Old 27th Nov 2017, 15:20
  #1161 (permalink)  
 

"Final true track" is a mongrel construct and should be avoided. "Track" is not explicitly defined as a loxodrome (rhumb line), or a geodesic (great circle), in any major text on navigation. Paths with constant true track values are always loxodromes so the qualifier "final" is redundant.

Convergency = change of long x sin mean lat
= 4 deg x sin 52.5 deg (roughly)
= 3.2 deg (roughly)
conversion angle is half this, 1.6 deg
subtract from 250 to get 248.4 deg (roughly)

Otherwise what selfin said ^^^^, but by the standards of EASA exams its an OK question.

In this case Sin(120)x30 = 26 knots

340 + 20 gives you 360/000 then you have to add 100 to get to 100 degrees.

For what its worth, you can use Sin(240)x30 and the answer is -26 knots. If you remove the minus sign you end up with the same answer anyway.
Wind from 100 ° -> sin 60 = 0,8
0,8 x 30 = 24 kt
Am I missing something, difference between Runway and wind is 240 degrees?

340 - 100 = 240?

Where did 120 come from?
Negan, the wind is from the direction of 100deg, not the direction that is 100 deg away from 340.

The angluar distance between 340 deg and 100 deg is 120 degrees.

If you still can't see it, look at the compass rose on the wind side your CRP-5 (or equivalent) and count the 10-degree divisions between the two directions.

IFR Comms

Q. Isolated CBs have been forecasted along a route. An aircraft flying in a layer of nimbostratus sees a lightning flash. What actions should the pilot take?

a) Declare a PAN as he has flown into a storm.
b) Transmit an AIREP because the CB is embedded. <<<<<<<
c) Report the Lightning at the next waypoint, which is only 15 mins away.
d) Nothing, because the CBs have been forecast.

Q. For which of the following transmissions should each number be spoken individually?

a) Climb to 2500 feet
b) Visbility 4000 metres
c) QNH 1000 <<<<<<<<<<<<
d) Overcast 1300 feet

Q. Aircraft may be required by ATC to make airborne reports of air temperature, wind and turbulence. Aircraft not equipped with data link equipment are:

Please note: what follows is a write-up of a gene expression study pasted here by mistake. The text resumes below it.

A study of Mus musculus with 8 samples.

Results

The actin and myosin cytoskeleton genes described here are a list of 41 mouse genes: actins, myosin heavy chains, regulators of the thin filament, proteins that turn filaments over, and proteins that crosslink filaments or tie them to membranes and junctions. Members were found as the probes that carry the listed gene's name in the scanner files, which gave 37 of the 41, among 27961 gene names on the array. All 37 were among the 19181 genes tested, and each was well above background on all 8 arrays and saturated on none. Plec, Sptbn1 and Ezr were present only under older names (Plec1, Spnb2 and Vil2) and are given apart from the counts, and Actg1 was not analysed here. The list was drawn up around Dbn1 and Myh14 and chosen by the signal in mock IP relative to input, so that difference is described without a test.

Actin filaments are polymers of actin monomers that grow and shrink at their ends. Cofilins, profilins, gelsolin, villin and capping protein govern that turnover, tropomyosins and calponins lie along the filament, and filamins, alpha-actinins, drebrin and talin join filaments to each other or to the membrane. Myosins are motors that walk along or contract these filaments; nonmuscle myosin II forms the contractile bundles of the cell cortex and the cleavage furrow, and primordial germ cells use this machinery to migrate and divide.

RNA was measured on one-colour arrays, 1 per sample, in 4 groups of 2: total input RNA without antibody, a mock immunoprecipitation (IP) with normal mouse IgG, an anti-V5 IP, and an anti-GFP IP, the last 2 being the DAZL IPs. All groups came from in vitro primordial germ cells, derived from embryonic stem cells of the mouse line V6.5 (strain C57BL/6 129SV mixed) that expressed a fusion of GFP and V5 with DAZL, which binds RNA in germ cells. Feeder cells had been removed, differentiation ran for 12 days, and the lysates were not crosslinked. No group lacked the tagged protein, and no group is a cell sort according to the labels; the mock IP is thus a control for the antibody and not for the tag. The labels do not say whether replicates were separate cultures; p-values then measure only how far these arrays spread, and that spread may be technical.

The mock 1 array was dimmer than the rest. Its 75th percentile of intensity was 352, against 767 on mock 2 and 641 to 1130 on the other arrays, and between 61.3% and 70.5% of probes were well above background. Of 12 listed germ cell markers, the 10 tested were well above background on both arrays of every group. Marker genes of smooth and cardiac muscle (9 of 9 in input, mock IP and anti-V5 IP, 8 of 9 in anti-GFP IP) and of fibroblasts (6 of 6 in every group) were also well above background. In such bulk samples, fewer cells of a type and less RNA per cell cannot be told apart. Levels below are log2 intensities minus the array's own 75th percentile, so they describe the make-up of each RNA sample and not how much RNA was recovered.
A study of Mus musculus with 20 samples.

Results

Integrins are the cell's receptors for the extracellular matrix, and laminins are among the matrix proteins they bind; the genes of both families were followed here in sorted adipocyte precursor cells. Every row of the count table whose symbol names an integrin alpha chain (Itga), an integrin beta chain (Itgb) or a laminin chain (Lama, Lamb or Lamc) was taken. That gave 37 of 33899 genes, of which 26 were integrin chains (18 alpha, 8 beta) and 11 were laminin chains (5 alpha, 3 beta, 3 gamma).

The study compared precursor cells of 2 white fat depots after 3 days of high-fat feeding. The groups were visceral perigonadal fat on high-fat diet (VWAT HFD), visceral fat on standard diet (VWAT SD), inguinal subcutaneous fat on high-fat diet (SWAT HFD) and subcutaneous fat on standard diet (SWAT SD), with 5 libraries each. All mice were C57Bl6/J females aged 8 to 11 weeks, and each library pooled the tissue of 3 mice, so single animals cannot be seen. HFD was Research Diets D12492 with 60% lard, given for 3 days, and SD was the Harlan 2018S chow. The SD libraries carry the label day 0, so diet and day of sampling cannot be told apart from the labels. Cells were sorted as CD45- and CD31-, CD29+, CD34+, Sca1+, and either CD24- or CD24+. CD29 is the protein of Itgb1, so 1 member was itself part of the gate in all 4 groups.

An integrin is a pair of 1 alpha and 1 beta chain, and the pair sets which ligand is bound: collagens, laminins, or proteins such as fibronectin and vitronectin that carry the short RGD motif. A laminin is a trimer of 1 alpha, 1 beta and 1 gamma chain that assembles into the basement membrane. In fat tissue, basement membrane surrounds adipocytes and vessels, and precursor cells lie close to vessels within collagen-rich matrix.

a) Exempt to make regular reports, unless specifically requested by ATC <<<<<<<<<<<<
b) Required only to report once, immediately after being requested
c) Are required to make regular reports, irregardless of position.
d) Are only required to make reports upon passing reporting points, not more than 30 mins every time.

Last edited by SkillsToBurn; 7th Dec 2017 at 07:50.

2.13 When transmitting messages containing aircraft callsigns, altimeter
settings
, flight levels (with the exception of FL100, 200, 300 etc.
which are expressed as ‘Flight Level (number) HUN DRED’),
headings, wind speeds/directions, pressure settings, airspeed,
transponder codes and frequencies, each digit shall be transmitted
separately;

Hello,

For the ATPL theory, are question banks (like Bristol Ground School) a more valuable tool than Oxford's CBT? I was looking over some Human Performance questions and the banks don't get into as much detail as the CBT. For example, the questions touch the surfaces of Dalton's Law, yet the CBT seems to be too in-depth.


Thanks,
Personally i use Aviation exam instead of bristol but I also use the CBT to get some deeper understanding, Question banks is ideal to know what you are supposed to focus on! gl! =)

DLLO 121550Z 31018G30KT 9999 FEW060TCU BKN070 14/08 Q1016 TEMPO 4000 TS=

(Aerodrome elevation 1000 ft, MSA for sector 000-190° 5800 ft, for sector 190-360° 7300 ft.)

Accord to QB correct answer is:

Because the cloud base is below the highest minimum sector altitude.

I'm a bit lost with this one. As far as I understand you don't add the elevation to MSA as MSA is 'altitude' above sea level? If you do add the elevation then I understand how they get this answer.

Practically speaking, if the MSA is 5800ft MSL then I don't think I'd fly 200ft below TCU, so it is common sense at that.